Kelly Scientific Resources, a scientific recruitment firm in Australia, is predicting a shortage of candidates for traditional scientific roles as qualified scientists seek green collar opportunities created as a result of the recently implemented Carbon Tax.

With Australian businesses now navigating the Carbon Tax environment, opportunities for environmental advisers and other scientific and environmental related roles have increased.

This makes it an ideal time for workers in traditional scientific roles to look for opportunities in a wider sphere of corporate organisations and could lead to a shortage of workers in traditional scientific areas.

Ray Fleming, General Manager Professional and Technical at Kelly, said, “Traditional scientists looking for green collar work are in an ideal position. Employers simply cannot find enough suitably qualified environmental specialists so those with the right scientific backgrounds are likely to be snapped up and trained.

“The fact that the corporate arena traditionally remunerates at a higher level than the scientific sector, coupled with the idea that companies looking to attract skills in this area will be more willing to offer negotiable terms of employment, will no doubt entice some to consider a career change. “

The green sector is more relevant than ever and companies are investing in finding the right people to minimise additional expenses incurred by the carbon tax. This provides a unique opportunity for employees, but also means that other sectors may experience a shortage of skilled staff.

In this way the Carbon Tax’s impact on the mining industry may extend to mine operators ability to source qualified staff. Previously the mines and potential mine sites were among the most attractive option for Environmental Scientists and Engineers.

With the upturn in the Environmental Industry, demand for such professionals has increased greatly across the board.

Fleming said, “Businesses in all industries have recognised the need to develop strategies and adequately prepare for increased expense.

“The increase in available positions has created what is now a highly competitive industry for finding skilled workers. Kelly Scientific Australia expects green jobs in carbon offset generating projects to increase even further.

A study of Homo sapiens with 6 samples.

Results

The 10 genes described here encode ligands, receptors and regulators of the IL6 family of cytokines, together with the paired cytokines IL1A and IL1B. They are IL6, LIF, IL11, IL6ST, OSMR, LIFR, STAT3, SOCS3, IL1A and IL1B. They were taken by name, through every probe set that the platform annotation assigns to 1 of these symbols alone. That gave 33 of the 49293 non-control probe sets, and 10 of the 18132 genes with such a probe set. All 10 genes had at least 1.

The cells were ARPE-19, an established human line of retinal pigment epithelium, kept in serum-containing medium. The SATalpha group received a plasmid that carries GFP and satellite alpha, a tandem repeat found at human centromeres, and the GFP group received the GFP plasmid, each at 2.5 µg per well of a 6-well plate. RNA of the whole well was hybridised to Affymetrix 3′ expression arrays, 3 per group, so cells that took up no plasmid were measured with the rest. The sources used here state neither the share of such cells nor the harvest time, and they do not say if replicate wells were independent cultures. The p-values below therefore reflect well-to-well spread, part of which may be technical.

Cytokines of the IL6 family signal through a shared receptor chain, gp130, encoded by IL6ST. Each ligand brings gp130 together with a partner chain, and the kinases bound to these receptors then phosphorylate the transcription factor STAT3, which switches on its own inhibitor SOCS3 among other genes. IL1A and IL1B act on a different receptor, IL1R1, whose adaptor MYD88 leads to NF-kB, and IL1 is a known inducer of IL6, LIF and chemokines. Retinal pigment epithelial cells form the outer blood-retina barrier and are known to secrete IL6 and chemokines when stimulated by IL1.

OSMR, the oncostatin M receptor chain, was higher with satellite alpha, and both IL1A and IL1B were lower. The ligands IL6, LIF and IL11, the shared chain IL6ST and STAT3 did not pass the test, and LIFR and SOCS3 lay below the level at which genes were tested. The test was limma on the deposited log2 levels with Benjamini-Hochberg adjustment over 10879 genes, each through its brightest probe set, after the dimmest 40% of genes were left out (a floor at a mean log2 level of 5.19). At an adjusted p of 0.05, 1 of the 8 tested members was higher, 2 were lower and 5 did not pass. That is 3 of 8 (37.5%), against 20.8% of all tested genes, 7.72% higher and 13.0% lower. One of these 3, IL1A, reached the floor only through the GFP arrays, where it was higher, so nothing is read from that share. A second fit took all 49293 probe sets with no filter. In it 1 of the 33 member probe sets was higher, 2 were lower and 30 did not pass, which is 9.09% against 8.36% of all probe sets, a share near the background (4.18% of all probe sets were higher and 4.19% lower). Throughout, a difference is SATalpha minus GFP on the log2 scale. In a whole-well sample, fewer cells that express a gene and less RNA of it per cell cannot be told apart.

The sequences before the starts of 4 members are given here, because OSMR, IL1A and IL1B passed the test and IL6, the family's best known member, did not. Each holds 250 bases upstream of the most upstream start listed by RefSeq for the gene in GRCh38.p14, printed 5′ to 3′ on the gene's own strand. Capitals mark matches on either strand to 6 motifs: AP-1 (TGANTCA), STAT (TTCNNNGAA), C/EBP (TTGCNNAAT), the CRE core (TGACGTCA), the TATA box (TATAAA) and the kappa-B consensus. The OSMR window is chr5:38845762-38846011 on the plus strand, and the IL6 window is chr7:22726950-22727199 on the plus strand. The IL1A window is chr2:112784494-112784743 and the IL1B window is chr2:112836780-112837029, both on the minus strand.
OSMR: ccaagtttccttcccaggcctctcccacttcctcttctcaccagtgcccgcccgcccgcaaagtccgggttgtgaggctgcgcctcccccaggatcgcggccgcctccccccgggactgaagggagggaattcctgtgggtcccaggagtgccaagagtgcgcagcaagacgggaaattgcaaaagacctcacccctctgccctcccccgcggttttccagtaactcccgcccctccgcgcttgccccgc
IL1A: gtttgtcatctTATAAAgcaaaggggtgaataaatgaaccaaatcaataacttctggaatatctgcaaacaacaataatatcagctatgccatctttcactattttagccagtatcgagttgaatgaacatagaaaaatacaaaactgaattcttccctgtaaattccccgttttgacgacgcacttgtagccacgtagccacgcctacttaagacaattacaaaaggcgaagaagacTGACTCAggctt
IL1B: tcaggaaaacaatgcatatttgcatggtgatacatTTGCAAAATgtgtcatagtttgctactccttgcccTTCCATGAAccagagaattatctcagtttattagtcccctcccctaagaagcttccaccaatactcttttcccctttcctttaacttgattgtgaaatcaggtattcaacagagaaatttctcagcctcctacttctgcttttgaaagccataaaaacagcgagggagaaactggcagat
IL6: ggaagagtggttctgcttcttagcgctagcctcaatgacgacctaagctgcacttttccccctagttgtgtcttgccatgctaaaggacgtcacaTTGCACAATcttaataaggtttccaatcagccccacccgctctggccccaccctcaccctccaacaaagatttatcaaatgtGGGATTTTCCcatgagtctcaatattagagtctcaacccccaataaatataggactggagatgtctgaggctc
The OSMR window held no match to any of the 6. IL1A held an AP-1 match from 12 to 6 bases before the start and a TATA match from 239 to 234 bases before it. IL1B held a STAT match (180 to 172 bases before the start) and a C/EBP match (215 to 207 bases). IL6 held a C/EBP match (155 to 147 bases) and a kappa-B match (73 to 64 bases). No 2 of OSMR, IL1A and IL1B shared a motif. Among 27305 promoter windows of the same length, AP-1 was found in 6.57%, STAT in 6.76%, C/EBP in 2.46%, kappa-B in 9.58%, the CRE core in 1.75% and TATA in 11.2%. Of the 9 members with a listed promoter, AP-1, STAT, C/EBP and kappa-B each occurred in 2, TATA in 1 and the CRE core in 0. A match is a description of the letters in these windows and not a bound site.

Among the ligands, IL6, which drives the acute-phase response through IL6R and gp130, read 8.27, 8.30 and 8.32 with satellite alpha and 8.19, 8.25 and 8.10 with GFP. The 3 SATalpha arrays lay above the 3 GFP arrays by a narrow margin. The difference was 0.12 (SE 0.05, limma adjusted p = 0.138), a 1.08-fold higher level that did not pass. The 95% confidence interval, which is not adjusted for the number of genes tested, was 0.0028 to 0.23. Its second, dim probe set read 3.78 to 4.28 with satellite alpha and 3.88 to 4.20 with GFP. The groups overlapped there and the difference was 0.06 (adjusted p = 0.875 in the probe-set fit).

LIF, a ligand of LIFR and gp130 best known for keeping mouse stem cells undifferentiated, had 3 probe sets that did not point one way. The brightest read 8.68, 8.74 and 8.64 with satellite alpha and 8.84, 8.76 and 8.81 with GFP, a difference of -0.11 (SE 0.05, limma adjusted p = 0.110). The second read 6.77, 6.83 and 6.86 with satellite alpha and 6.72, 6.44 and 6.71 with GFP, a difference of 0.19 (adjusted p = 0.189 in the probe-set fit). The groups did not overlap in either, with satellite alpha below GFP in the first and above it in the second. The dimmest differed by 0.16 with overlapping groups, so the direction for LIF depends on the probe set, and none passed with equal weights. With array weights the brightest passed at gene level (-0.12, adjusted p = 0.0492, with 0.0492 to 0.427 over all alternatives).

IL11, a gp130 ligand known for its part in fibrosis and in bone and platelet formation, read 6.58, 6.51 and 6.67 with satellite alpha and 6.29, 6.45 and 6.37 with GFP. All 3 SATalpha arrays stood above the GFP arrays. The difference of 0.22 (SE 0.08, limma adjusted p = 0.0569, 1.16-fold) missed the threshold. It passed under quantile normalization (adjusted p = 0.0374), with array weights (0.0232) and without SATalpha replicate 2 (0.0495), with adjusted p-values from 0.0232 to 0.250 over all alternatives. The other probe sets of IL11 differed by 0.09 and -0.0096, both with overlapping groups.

“While this is all great news for qualified scientific professionals, employers that are seeing staff walk out the door in search of that lucrative corporate change need to employ strategies to motivate their employees and reward their skills.”

Kelly Scientific Australia suggests employers adopt five strategies to help keep staff loyal and retain skilled workers.

1. Reward and recognise employees often
Ensure your remuneration offer is as competitive as possible and look for opportunities to reward and recognise employees outside of the normal salary. Employees crave positive feedback and will be more productive when they receive it.

2. Invest in employees and provide training
Training is an investment in employees and staff see it as an investment in their professional development. Employees need training to maintain their skills so ensure this is a priority.

3. Establish a family-friendly or flexible work environment
Balancing work and family life can be one of employees’ biggest challenges. Look at ways to be more accommodating and provide flexible solutions.

4. Collaborate. Ask employees for input on important decisions
The more managers develop a collaborative relationship with staff, the better that relationship will be. You and your staff depend on each other, so try to demonstrate that point on them. Employees will feel important and more committed to the mission.

5. Listen to staff concerns
Staff will have concerns about working conditions, working hours, deadlines and other matters. Listen to what they say, because if you don’t, morale will be lowered. If there’s little chance that you can resolve the concern, let them know immediately to help set their expectations.

Fleming said, “The carbon tax is a revenue opportunity for the environmental sector, however those companies wishing to retain their staff need to ensure that they’re implementing the right tools to empower them, providing a supportive environment where they feel challenged and rewarded.”